April 26, 2023
The turtles are coming (nesting season is May – October) and here’s what you need to know to enjoy this unique time on the beach while helping to protect these endangered animals.
After you’ve enjoyed the perfect beach setup, please take down and remove your tents, beach chairs, umbrellas and the like (see Nassau County Ordinance 2016-06). Nesting turtles are sea creatures who crawl onto land with great difficulty (they often weigh around 200 pounds) and they can’t turn or go around large objects left in their path. Turtles can also become trapped underneath your items and hatchlings can be confused by them when they emerge. If you have trash and leftover food, please make sure it leaves as well since foxes, raccoon, and other animals are drawn to them and often find sea turtle eggs to prey on along the way.
Digging in the sand is one of the essential summer pleasures, but, when you’re done, please fill them in. Nesting mother turtles and their hatchlings can easily fall in and become trapped. Extra good deed points for filling in holes you come across at the end of the afternoon (Perhaps make this a contest for the kids while you pack up?)
Lighting near the shore can cause hatchlings to become disoriented and wander inland, where they often die of dehydration or predations. Hatchlings have an innate instinct that leads them in the brightest directions, which normally is the moonlight reflecting off the ocean. Excess lighting from the nearshore buildings and streets draw hatchlings toward land, where they may be eaten, run over, or drown in swimming pools. In the late 1980’s and early 1990’s, coastal communities enacted lighting ordinances to restrict artificial beachfront lighting to combat the negative effects on sea turtles and hatchlings.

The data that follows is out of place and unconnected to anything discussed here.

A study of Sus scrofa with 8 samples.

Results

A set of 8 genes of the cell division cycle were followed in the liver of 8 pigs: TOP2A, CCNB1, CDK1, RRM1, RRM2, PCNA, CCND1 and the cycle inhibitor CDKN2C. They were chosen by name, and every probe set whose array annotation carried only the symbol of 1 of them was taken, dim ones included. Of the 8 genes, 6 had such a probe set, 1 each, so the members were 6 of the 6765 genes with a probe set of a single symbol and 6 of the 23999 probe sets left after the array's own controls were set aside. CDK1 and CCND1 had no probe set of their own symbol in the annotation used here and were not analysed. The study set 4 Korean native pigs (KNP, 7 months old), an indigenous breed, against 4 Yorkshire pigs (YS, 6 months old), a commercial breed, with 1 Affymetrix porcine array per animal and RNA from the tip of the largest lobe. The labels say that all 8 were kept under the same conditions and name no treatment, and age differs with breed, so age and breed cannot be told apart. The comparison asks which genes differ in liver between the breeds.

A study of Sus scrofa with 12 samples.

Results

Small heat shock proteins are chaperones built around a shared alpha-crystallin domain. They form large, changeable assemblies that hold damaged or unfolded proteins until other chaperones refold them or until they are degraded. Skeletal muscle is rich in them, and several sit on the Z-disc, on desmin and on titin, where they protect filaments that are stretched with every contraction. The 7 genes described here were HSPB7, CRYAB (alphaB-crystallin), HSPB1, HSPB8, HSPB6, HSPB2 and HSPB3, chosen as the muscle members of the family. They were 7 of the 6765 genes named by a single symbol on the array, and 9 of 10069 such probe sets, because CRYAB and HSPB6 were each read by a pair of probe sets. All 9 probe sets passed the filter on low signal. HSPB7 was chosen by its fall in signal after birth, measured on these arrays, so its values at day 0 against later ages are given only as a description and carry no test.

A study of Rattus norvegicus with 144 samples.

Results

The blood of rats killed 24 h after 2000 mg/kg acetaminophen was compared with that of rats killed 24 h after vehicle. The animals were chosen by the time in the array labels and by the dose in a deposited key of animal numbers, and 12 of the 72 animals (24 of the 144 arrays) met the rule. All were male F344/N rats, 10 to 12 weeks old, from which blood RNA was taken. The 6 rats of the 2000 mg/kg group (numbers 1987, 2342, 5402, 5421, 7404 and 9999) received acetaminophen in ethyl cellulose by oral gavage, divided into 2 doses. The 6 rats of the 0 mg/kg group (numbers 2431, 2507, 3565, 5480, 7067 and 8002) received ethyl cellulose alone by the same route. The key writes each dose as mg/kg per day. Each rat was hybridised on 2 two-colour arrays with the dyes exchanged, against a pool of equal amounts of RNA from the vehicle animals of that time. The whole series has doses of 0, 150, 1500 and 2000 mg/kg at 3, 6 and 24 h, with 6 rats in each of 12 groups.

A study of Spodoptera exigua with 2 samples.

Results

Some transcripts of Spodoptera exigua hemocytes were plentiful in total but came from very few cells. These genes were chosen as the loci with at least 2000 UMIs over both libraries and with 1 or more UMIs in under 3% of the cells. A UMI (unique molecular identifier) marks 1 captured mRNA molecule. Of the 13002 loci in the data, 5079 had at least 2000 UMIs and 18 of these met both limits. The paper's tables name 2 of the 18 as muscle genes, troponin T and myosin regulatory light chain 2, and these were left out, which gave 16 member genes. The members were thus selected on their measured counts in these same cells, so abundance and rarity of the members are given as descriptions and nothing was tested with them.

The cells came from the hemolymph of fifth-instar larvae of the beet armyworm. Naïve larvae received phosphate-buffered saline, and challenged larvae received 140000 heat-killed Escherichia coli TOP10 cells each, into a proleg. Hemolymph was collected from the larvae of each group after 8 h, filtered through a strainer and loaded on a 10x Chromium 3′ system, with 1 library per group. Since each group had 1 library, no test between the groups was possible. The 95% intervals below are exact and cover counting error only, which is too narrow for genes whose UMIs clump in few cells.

Attend a nest excavation conducted by Amelia Island Sea Turtle Watch, dedicated to preserving and protecting the endangered sea turtles that are a valuable part of the natural heritage of Amelia Island. Three days after a nest has emerged and hatchlings have crawled to the sea, permitted volunteers from AISTW “excavate” the nest. This is simply an inventory of all the remaining nest contents: unhatched eggs, shards (empty egg shells), dead hatchlings, and yes, sometimes even live hatchlings. If live hatchlings are found, they will release them for you to see. Everything else is returned to the nest to be left as it was. Excavations begin in early-mid July and continue until all the nests have hatched and emerged. Check the continually updated excavation schedule. While there is no guarantee that you will see a hatchling, you will come away with new information and an appreciation for this natural wonder.
Leave nesting turtles and hatchlings to emerge and crawl on their own. Enjoy the experience and remember it always! Sea turtles that survive and grow to adulthood go on far-ranging migrations over the course of many years, but they often return to the exact beach where they were born to lay their own eggs.
Learn more about the island’s natural beauty and plan your trip to Amelia Island.